Will Stephen Colbert have a chaplain on “Late Night”? What is marriage? What does the papyrus really prove about Jesus? Will reading this roundup online chip away at your religion?
We’ve got as many questions as a Seder (Passover starts Monday night).
Stephen Colbert will no longer be “Stephen Colbert” – the Bill O’Reilly parody character he plays on the Report – when he steps into David Letterman’s shoes next year. But will the very-Catholic-in-real life Colbert bring one frequent guest to his new digs, the Rev. James Martin? The editor at large of the Jesuit magazine “America,” and chaplain to the Colbert Nation is a wry cleric who can banter with the best (he did a book on humor). Martin tweeted:
Congratulations to my friend Stephen Colbert @StephenAtHome on his new gig. Couldn't have happened to a better Catholic!
— James Martin, SJ (@JamesMartinSJ) April 10, 2014
Heading toward Palm Sunday and the start of Holy Week, Pope Francis said Friday he feels “compelled to personally take on all the evil” of clergy sex abuse and asked forgiveness for the sins. “The Church is aware of this damage, it is personal, moral damage carried out by men of the Church, and we will not take one step backward with regards to how we will deal with this problem, and the sanctions that must be imposed.”
More from the Department of Sorry:
The fate of Utah’s gay marriage ban was argued at the 10th Circuit Court of Appeals in Denver Thursday — the first state ban case to move to the federal appeals court level since the U.S. Supreme Court overturned the Defense of Marriage Act last year. Oral arguments centered on family, faith and fairness but The New York Times reports a moving moment in the hallway. Utah’s attorney general, Sean Reyes told plaintiffs in the case: “I’m sorry that we’re causing you pain. Sometime after the case is over, I hope we can sit down.”
Moving on to the department of skepticism:
- Theology and chemistry are getting a workout this week as experts argue the authenticity and doctrinal significance, if any, of the “Gospel of Jesus’ Wife,” says David Gibson. Whether the scrap of ancient papyrus presented by scholar Karen King in 2012 is a fraud or genuine depends on what you think of the ink tests results newly released. But King would like the discussion to move now to what it means to say “my wife” and the questions it raises “about family and marriage and sexuality and Jesus.”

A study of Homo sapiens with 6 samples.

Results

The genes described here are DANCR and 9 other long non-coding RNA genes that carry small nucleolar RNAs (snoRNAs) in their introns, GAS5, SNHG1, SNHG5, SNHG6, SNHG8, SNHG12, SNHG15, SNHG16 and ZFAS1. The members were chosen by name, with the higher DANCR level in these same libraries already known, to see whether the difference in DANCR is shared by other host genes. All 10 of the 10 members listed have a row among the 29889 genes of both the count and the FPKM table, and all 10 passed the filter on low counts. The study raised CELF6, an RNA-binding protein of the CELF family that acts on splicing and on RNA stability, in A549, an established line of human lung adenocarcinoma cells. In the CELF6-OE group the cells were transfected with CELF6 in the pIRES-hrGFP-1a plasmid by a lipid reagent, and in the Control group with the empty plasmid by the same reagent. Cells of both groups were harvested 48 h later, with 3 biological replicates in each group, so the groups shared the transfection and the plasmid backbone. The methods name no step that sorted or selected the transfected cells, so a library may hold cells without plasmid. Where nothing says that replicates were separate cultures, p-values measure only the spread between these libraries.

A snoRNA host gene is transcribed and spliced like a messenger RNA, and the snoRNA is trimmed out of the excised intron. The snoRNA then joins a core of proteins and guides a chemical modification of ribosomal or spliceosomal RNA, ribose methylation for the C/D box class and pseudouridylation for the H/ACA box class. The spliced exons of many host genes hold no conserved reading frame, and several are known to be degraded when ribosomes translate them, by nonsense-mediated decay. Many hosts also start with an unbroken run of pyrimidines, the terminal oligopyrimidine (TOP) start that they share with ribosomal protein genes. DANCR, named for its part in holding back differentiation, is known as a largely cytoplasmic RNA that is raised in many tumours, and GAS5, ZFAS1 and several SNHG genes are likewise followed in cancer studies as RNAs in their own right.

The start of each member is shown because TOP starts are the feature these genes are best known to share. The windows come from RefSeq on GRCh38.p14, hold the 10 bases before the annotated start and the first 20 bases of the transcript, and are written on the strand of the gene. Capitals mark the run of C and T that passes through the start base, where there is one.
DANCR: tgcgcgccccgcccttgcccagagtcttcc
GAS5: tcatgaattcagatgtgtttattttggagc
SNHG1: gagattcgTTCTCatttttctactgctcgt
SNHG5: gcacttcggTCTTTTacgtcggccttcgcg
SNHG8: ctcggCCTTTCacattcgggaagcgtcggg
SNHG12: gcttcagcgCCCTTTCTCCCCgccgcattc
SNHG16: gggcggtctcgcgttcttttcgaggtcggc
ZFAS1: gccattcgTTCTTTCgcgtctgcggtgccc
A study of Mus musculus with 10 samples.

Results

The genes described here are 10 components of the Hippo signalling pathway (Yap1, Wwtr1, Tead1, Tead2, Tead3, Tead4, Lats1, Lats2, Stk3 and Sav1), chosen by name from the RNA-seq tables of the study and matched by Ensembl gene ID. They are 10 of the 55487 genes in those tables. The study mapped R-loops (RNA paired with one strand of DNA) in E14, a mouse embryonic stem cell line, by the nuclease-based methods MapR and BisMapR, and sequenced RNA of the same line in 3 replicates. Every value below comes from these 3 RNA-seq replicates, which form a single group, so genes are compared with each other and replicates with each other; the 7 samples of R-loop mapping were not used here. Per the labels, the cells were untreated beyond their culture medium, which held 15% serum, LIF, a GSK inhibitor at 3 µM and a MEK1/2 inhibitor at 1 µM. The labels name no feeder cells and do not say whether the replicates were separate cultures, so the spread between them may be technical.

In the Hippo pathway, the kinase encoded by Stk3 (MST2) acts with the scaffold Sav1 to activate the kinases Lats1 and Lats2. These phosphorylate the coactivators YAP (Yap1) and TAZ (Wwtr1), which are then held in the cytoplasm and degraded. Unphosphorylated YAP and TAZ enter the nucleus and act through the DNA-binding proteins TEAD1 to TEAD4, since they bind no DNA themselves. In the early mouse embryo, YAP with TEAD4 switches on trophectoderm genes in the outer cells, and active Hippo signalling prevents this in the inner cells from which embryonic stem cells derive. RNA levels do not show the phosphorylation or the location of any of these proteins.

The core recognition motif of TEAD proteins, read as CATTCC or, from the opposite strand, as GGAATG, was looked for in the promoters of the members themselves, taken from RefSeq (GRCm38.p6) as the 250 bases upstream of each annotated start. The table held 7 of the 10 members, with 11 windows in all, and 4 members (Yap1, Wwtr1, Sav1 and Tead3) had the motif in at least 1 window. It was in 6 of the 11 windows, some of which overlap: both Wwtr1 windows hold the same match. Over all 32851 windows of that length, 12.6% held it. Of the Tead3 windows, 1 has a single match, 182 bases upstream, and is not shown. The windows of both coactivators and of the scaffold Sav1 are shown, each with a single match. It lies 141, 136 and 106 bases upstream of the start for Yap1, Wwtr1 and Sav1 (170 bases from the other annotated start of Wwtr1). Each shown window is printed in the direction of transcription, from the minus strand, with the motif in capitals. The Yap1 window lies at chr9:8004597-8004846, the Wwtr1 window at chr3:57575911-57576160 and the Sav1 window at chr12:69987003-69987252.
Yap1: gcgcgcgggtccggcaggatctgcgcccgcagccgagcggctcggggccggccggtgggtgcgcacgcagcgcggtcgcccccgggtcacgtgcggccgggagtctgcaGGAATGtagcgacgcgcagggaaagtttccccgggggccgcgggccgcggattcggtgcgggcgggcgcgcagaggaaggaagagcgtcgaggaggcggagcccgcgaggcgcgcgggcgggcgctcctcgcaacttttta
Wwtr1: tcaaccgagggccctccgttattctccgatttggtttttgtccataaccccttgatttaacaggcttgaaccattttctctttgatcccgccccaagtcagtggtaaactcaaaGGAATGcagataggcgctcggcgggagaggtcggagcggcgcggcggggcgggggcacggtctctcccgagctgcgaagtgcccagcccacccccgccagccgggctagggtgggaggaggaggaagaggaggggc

- Shankar Vedantam explains on NPR why people may exaggerate about how often they pray and other religious behavior. The more someone thinks religion is important and important in their daily lives, the more likely they are to overstate how often they participate, particularly in societies where secularization is on the rise. “You over-report it when you’re anxious about wanting to appear a certain way when you really are not.”
- Is the Internet solely to blame for a slide in religiosity in America? The trends coincide but hold off on assigning blame says Allen Downey, author of a new study “Religious affiliation, education and Internet use.” Downey cautions: “We can’t know for sure that Internet use causes religious disaffiliation.”
- The pay gap between men and women was in the headlines all week. Columnist Jonathan Merritt sees another gender gap – there’s a sizable divide between Christian men and women on contraception coverage in health plans.
Monday night is the first Seder, the ritual meal at the center of the Passover celebration, and Jews are stocking up on matzo, the crackers essential to the celebration. Lauren Markoe takes a lighthearted look at unleavened bread: It’s not called the “bread of affliction” for nothing.
Mercurial beings that Islamic and Arabic folklore say were created by God inhabit supernatural thriller “Jinn” from Ajmal Zaheer Ahmad. He’s one of a growing number of Muslims in the American film industry, says Omar Sacirbey.
What happened months after Mormons lifted the ban on missionaries using social media to spread the LDS faith? Trolls and converts.
Tobin Grant at the Corner of Church and State found 1 billion reasons why World Vision matters. It forced evangelicals to ask questions about which issues are central to their faith: Is it more important to help the poor or uphold traditional ethics of the family and sexuality?